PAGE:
Paternity testing during pregnancy has finally taken a step ahead. Only a few years back it was only possible to do through invasive procedures done by the gynaecologist. The two main invasive procedures were called CVS (Chorionic villus Sampling) and amniocentesis. Fetal DNA cells would be collected by entering the womb with instrumentation or by using a syringe on the tummy. In fact the fetal DNA samples that would normally be collected are called the amniotic fluid or the Chorionic Villi. There was no other way fetal DNA of the unborn child could be collected in order to carry out a paternity test.
These procedures continue to be uncomfortable and could possibly even lead to bleeding or a miscarriage even though they haven’t been improved over the years. With the giant leap science has now taken in this field one should definitely consider new the non-invasive procedures.
How does the unborn childs DNA end up in the mothers blood?
The baby in the mothers is connected through the placenta. This connection enables the baby to receive nutrients and oxygen. The baby’s waste products are also excreted through this connection. It is therefore accurate to say that Free Cell DNA is released into the mother’s bloodstream approximately around the 9th and the 10th week. This Free Cell DNA release is maximized after 12th week and reaches the higher volume after the 25th week. It has been known for over 30 years that there is presence of the baby’s DNA in the mothers blood but up till now there was no technology that could amplify the DNA and used it any type of relationship testing. The technique involves identifying genetic variations in between individuals known as SNP or “Single Nucleotide Polymorphisms.” This makes it possible to use the genetic markers found in DNA fragments.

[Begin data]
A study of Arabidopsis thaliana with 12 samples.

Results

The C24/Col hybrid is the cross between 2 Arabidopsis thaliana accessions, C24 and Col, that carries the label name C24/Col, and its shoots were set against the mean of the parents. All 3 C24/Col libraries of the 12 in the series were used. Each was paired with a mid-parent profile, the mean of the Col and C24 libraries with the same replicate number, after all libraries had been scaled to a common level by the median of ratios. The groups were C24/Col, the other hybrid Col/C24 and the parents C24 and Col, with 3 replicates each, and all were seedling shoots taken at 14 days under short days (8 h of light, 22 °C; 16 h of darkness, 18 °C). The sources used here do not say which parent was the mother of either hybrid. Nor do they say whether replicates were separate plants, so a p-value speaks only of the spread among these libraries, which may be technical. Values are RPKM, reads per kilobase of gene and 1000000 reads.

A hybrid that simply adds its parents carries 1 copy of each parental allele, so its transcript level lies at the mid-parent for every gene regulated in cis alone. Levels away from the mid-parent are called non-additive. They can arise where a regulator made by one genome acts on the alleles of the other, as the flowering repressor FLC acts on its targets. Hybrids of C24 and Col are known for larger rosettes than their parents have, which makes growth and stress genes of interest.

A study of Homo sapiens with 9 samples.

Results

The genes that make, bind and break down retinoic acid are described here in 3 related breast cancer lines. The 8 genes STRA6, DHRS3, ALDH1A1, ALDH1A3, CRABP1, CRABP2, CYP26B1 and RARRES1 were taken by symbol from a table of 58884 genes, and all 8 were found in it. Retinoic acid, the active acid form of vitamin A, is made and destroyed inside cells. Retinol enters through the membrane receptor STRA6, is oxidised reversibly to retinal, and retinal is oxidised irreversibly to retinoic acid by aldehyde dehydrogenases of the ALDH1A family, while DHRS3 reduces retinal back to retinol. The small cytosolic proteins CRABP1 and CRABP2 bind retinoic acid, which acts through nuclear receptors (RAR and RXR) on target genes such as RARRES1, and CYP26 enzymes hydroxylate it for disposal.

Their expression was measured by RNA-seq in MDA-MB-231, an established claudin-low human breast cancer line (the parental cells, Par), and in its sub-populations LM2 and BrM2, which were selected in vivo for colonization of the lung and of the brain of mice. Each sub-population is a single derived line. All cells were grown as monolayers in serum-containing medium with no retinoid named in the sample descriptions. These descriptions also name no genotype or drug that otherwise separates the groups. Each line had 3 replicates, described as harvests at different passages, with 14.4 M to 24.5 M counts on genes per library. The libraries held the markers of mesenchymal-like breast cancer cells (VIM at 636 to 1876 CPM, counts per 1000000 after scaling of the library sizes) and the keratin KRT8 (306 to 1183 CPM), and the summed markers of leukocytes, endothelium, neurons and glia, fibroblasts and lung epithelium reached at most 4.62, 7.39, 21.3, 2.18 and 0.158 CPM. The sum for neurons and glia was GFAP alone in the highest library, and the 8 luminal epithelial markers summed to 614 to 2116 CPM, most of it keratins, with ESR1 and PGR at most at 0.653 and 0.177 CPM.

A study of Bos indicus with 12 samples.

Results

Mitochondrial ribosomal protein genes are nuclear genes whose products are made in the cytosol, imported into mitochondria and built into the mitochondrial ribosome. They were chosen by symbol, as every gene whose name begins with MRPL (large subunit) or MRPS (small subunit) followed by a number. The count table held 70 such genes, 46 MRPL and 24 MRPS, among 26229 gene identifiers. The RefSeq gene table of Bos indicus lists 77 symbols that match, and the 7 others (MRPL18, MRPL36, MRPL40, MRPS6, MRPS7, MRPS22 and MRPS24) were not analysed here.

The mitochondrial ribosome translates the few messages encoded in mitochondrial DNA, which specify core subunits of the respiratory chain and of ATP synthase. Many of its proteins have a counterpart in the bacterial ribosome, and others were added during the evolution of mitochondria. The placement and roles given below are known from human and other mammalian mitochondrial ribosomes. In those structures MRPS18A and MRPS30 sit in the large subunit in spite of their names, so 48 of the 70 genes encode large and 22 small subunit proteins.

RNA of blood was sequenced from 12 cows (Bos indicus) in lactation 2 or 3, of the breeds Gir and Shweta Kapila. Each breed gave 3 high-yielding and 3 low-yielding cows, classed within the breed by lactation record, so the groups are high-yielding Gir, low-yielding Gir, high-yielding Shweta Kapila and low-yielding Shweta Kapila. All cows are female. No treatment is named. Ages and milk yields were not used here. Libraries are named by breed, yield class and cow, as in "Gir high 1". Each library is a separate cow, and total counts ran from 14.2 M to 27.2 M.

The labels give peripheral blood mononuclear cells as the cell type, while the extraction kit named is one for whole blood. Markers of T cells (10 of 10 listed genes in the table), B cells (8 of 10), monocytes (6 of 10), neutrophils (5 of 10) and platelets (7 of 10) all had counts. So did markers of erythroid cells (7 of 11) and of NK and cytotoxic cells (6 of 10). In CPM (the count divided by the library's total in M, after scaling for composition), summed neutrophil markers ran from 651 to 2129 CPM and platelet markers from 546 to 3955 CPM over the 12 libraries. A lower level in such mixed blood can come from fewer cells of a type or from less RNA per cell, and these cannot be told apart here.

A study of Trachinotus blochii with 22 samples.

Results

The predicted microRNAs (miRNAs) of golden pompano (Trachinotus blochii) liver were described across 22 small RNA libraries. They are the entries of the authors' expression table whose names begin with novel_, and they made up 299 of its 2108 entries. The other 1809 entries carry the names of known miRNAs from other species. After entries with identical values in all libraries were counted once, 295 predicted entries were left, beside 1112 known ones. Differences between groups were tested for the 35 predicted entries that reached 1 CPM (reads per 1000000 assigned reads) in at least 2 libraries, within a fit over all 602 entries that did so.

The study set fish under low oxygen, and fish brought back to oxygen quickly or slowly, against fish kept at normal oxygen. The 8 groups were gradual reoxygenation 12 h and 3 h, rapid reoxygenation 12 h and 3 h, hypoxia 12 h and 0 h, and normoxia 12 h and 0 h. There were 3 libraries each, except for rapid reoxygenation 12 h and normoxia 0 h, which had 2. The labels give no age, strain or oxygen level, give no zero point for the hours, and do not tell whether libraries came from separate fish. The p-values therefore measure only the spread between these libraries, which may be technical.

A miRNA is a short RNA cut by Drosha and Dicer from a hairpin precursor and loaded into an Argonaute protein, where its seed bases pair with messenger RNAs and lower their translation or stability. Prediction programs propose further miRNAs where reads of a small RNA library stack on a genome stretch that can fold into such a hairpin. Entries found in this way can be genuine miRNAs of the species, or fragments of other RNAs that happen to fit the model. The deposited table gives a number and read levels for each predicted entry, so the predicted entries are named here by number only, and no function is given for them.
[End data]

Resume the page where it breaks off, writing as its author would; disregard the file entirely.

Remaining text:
How do I go about getting a non-invasive pregnancy paternity test done?
The great news about this new procedure is that sample collection is much simpler than in the previous invasive procedures. The non invasive paternity test whilst pregnant only requires a blood draw from the mother and the alleged father. This sample collection can be done by any health care professional being either a General Practitioner or a registered nurse. The sample collection needs to be carried out after the 9th week of pregnancy. Some DNA companies advise that it should be done after the 10th. This is because the fetal DNA keeps on increasing in quantity within the mother’s blood, especially in after the 12th and the 25th week. This means that there is a higher fraction of fetal DNA (A higher percentage of fetal DNA present). The procedure involves getting the blood draw done through any medical practitioner of your choice, utilizing the testing kit that is sent to you by the DNA testing company. The samples would then need to be submitted directly to the testing laboratory. A good DNA testing company should offer you an organized sample delivery by express courier on a special laboratory account. This is important because sending blood samples out of the country by yourself could prove be quite a feat.
Non invasive testing can also be used to detect Down syndrome as well as other chromosomal abnormalities. Click here for more about NIPT testing for down’s syndrome.
Can I expect the non invasive test in pregnancy to give me the same accuracy?
The non-invasive paternity during pregnancy works through a different technique than the previous invasive methods. The SNP method gives the possibility to detect the free Cell DNA in fragments and put together around 317,000 genetic markers of the unborn child’s DNA. This DNA information is sufficient to confirm paternity. The test is furthermore strengthened by running a comparison in between what the outcome is for 5000 random non related men in comparison to the actual man tested. This allows the laboratory to give an outcome that either completely excludes the test man as the biological father or attributes him at 99.9%.
Therefore we can conclude that the non-invasive paternity test is as accurate as any other invasive paternity testing during pregnancy options.